Mike Brophy - Saturday Feb. 22, 2014 21:32 ET

5 things Canada needs to do to win gold in men's hockey

Discipline, defence, Doughty keys to beating Sweden

Drew Doughty accepts credit from his teammates after scoring against Finland
Team Canada defenceman Drew Doughty is emerging as one of the team's brightest stars, scoring four goals in just three games at the Sochi Olympics. (Bruce Bennett/Getty Images)

Senior hockey writer Mike Brophy breaks down the advantages Canada must exploit to capture Olympic gold against Sweden in men's hockey on Sunday (7 a.m. ET.) 

The Drew Doughty factor: Doughty has been Canada’s best player through five games, leading the  team at both ends of the rink. His wonderful skating ability enables him to rush the puck out of  the defensive zone at times and to join the forwards on the attack in others. He leads the team in  goals (four) and points (six).

Price needs to be right: Carey Price has provided a calmness for his team in light of its  inability to score goals. It was suggested by some in 2010 that Canada won in spite of goalie  Roberto Luongo and not because of him. That is not accurate or fair. However, there is no denying  Price’s steadiness has been a huge reason why Canada remains undefeated and in the running for a  second straight gold medal.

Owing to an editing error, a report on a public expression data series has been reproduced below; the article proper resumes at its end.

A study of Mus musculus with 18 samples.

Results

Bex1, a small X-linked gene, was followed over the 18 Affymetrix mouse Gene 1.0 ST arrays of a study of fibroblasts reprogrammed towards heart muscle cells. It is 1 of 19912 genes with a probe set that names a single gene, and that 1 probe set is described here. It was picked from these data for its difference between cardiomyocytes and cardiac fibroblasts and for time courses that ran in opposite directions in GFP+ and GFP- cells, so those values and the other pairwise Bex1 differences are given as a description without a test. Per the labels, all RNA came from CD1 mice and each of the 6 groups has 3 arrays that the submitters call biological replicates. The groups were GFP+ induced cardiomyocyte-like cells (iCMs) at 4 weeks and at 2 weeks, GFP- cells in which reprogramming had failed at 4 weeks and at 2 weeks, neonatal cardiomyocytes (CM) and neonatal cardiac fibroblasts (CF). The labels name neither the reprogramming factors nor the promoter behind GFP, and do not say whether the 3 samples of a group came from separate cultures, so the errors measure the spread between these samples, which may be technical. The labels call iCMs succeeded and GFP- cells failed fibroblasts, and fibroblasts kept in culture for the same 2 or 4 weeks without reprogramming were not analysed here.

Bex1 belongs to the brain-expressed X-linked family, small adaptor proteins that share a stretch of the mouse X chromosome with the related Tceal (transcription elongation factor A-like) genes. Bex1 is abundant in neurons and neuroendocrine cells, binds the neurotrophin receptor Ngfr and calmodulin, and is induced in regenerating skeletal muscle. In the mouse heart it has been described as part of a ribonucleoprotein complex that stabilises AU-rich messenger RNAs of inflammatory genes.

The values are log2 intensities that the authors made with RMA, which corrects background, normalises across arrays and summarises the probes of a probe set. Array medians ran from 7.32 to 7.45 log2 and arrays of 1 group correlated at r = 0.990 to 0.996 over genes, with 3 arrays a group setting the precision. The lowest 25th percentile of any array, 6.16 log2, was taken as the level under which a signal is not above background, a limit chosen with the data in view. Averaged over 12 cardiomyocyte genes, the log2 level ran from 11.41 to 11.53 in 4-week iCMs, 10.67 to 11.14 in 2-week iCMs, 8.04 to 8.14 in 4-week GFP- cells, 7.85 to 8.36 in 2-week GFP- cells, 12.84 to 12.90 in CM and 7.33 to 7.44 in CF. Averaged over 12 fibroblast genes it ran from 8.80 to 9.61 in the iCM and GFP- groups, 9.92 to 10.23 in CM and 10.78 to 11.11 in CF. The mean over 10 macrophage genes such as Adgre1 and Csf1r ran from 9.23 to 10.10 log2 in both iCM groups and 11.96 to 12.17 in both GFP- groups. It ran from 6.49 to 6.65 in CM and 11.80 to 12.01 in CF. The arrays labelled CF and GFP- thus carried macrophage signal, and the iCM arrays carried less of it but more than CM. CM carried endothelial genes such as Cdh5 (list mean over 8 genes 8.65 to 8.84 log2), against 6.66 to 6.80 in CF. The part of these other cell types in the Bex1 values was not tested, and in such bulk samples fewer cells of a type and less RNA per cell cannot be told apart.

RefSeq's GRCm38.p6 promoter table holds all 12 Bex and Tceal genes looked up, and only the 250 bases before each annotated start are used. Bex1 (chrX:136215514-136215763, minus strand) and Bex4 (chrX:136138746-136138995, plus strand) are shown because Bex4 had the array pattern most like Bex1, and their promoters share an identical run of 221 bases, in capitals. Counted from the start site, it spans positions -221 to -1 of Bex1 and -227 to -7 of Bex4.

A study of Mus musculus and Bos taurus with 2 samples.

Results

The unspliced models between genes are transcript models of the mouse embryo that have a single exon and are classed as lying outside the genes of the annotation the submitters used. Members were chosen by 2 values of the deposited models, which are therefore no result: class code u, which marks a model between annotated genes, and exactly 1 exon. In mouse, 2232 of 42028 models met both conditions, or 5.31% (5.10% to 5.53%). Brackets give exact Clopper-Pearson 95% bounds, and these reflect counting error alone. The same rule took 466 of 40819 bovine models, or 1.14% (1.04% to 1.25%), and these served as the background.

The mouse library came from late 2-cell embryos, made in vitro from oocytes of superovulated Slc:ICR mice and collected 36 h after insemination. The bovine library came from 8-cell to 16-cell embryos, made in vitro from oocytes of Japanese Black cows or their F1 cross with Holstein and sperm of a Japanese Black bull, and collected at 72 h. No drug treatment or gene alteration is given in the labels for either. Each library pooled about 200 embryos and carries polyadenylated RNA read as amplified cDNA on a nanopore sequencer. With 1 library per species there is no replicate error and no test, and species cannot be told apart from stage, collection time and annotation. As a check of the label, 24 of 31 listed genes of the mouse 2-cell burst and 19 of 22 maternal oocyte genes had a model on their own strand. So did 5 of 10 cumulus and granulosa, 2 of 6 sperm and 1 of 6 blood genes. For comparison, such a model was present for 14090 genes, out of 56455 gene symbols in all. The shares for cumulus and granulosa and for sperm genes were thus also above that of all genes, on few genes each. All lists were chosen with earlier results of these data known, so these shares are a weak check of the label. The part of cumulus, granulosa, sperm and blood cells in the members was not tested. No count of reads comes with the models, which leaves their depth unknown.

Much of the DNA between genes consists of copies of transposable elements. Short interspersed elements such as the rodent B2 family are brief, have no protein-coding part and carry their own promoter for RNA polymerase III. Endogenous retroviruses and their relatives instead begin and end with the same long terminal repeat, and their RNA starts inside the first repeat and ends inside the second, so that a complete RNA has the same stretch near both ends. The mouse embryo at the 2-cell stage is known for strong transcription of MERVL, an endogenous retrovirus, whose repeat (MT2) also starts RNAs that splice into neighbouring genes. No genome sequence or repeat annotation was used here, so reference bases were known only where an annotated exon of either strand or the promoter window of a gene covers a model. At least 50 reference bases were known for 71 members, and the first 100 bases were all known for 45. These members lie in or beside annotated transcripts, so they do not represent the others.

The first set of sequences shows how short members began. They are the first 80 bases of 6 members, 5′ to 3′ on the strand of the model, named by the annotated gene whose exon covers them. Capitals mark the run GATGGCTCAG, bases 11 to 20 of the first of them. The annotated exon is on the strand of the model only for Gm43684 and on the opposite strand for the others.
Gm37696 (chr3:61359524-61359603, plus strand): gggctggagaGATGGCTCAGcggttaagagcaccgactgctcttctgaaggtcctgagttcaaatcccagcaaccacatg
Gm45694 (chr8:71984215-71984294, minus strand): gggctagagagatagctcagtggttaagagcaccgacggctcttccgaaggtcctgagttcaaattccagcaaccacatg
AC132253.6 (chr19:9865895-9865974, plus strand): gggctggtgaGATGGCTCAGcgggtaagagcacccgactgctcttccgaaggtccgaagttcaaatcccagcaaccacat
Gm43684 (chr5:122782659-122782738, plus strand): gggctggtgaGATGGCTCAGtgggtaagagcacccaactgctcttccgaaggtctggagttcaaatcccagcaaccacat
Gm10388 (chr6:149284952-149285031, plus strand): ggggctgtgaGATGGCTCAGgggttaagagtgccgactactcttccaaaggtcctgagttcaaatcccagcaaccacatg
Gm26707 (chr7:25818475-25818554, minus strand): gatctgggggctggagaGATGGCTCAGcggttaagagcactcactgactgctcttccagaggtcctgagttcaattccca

Someone needs to be hot: The temptation is to suggest Canada cannot beat Sweden unless the players  counted on for goals who have been silent so far come through in the crunch. That simply is not  true. Canada is 5-0 and hasn’t gotten a goal from Chris Kunitz, Jonathan Toews, John Tavares,  Corey Perry, Patrice Bergeron, Rick Nash or Sidney Crosby. There’s no reason to suggest they can’t  win a sixth game without any of those players scoring - as long as somebody steps up to the plate.

Discipline: Canada has not been overly physical at these Olympic Games and therefore have not got  into too much penalty trouble. In fact, Canada stands sixth in penalty minutes, having taken just  16 minors in five games.

Penalty-killing: When Canada has taken penalties, its penalty-killers have been excellent.  Employing quick shifts to keep the pace up, Canada has been shorthanded 14 times and has allowed  just one power play goal. Canada ranks No. 1 in the tournament in penalty killing with a 92.9 per  cent success rate.